The Little Arab That Could
Dakota was 3 1/2 when we brought him home from Woodland Park, CO. He was, at the time, 15.1 hands high, and did not weigh quite 400 lbs. He was kept in a 12 foot triangle space with a small stream of water running through it. He did not even have a dry place for all of him to lie down in. There was no shelter not even a tree, and was lucky if he received 1/2 flake of hay a day. We have never seen hair on a horse so long before, but God must have made it that way to keep him from freezing to death. We measured his outer guard hairs, and they measured 4 inches! The temperature the night before we picked him up was 11 degrees, and a storm front was coming in for the weekend with temperatures expected to plummet to near 0 degrees. I truly do not think he would have made it through the weekend in his condition.
When we picked him up that morning, I was really worried about picking up an Arabian horse. I had never been around any, only thoroughbreds and QHs, and was always told Arabs are far too crazy to make a good horse. (Boy! was I ever ignorant!) One look into Cody's eyes let me know that something very very wonderful was hanging onto life by a thread and would NOT go out without a fight. How could we let him down? The day before we picked him up, my husband was seriously injured in a work related accident, and we knew things were going to be financially tough for us, but we could not leave him where he was.
We worried about him all the way down the pass to Colorado Springs, because he was so weak he could hardly stand up. Within a couple of days, he developed a severe cough and was put on antibiotics. With a lot of gentle care and much patience, Cody began to come around. We had some ups and downs, but the ups began to outweigh the downs, and he has blossomed into the most wonderful creature I have ever known!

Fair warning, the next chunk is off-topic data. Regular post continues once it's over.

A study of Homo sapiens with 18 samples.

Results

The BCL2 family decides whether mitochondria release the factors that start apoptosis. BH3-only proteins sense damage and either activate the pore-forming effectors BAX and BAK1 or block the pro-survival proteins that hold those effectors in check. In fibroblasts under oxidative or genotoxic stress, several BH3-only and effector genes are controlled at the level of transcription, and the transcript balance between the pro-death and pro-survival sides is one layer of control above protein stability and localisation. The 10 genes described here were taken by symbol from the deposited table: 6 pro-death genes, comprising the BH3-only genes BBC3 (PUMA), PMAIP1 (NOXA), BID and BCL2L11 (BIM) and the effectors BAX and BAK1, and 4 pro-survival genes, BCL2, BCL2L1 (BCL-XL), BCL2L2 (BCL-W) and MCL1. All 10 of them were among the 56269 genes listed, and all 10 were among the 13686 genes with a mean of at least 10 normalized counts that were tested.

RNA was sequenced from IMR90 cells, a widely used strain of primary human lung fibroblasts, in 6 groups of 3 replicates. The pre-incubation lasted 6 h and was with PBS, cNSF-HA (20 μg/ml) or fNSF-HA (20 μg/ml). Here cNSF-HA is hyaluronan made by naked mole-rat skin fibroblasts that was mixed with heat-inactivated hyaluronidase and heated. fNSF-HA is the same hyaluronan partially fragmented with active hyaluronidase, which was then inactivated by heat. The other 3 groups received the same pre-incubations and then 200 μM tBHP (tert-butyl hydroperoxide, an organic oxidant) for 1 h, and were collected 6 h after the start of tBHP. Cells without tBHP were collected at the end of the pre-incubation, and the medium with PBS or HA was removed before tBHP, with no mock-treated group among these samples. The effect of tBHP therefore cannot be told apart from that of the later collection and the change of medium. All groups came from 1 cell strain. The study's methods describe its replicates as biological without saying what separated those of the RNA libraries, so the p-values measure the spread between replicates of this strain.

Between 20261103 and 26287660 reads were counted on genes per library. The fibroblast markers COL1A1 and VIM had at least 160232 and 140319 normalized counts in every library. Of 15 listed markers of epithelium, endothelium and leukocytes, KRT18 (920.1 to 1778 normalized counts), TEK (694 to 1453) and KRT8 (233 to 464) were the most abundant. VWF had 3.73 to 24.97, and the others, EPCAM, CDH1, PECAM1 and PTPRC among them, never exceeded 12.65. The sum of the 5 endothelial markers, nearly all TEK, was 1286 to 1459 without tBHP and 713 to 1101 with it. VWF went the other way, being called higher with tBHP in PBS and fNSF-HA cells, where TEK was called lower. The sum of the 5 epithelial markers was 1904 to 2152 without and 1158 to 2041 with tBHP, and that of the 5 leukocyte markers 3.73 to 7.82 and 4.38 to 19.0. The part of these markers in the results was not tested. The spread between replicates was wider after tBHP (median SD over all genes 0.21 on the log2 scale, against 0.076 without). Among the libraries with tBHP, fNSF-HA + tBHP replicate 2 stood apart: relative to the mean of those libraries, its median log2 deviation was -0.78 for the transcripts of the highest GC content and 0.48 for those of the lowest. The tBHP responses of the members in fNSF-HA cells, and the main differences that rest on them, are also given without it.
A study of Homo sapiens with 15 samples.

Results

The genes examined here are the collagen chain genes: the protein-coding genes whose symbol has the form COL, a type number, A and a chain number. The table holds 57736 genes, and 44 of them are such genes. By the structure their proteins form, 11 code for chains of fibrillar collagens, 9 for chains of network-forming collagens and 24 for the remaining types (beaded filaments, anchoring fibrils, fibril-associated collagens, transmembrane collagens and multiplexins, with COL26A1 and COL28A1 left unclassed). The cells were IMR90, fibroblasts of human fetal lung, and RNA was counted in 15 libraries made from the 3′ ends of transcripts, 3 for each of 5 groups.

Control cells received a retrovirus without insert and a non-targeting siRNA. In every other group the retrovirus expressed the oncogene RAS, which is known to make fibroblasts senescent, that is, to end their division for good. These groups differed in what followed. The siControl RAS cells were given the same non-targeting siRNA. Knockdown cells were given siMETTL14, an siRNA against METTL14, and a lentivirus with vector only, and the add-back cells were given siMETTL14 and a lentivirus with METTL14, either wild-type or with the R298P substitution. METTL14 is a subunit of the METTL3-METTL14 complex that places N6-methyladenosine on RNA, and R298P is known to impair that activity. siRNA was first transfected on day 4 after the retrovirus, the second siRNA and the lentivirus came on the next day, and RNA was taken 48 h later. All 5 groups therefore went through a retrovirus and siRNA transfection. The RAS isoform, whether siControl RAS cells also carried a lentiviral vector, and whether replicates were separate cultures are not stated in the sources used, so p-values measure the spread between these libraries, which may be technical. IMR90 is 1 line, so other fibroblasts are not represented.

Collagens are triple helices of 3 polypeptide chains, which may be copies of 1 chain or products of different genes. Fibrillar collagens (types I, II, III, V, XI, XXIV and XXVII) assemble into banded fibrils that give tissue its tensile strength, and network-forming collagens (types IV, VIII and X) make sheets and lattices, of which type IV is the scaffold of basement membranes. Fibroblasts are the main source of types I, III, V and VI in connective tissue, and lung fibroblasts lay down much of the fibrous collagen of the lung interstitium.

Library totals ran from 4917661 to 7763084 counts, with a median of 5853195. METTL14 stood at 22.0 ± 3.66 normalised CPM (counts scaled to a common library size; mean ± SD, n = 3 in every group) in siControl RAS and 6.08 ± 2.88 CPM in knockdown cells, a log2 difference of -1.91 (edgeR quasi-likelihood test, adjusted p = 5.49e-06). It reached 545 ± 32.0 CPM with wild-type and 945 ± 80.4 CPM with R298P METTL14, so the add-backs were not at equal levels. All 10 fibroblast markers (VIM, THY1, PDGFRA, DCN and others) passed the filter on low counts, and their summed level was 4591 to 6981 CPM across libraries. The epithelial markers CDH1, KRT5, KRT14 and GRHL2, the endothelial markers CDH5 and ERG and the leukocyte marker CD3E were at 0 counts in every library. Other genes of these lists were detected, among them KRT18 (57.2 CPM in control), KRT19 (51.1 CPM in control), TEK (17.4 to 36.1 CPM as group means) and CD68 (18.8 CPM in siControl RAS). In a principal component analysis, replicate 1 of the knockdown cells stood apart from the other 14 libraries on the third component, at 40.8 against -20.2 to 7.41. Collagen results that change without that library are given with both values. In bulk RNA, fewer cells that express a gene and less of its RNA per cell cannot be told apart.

The picture on the rescue page is the day we picked Cody up. The picture on the left was taken 5 months after we brought him home, and he and Erin placed in a halter class she entered him in at our riding club. At 7 months, she entered him in a riding class at a show. The object of this one class that we entered him in was to introduce him to people and other horses, and to get through this class behaving reasonably well. He exceeded our expectations and was a perfect gentleman. The trotting picture was taken June 21st, 2 years after bringing him home.
How could anyone every say an Arab is too crazy to own?!?!?!? Cody is a very outgoing inquisitive and very intelligent horse, but with ALL children, he is the most gentle boy we have known - always steady and careful of the kids. That goes for gentle adults too.
We recently took on another Arab. This one is an Arabian stallion - a great grandson of +Bask. The owners have several Arabian mares and stallions and breed them, but due to illness, they have had to find good homes for as many of them as they can to get their herd down to a more managable size. Because we are very good friends, and I didn't want Baskon to go to strangers who might abuse him, I agreed to take him in exchange for a large watercolor painting of an Arab stallion, and a large commercial sign which I did for them (that's one of the things I do for a living now that my husband is disabled). Even though the value on the painting and sign was $2,500, it was by far not enough for this wonderful gentleman - our kids call him the Sean Connery of the horse world! We truly feel blessed that Baskon has been able to come live with us. He is also an incredibly steady, gentle, and intelligent guy, and dotes on our 10 year old son. I trust him completely with any children.
This is all further proof that a horse, no matter what breed, will definitely thrive and flourish with the right care and love.
We hope the pictures of Cody will be useful to you, and will inspire others to help rescue these wonderful special animals, and to also inspire people to speak out and act against abuse of animals in all its forms.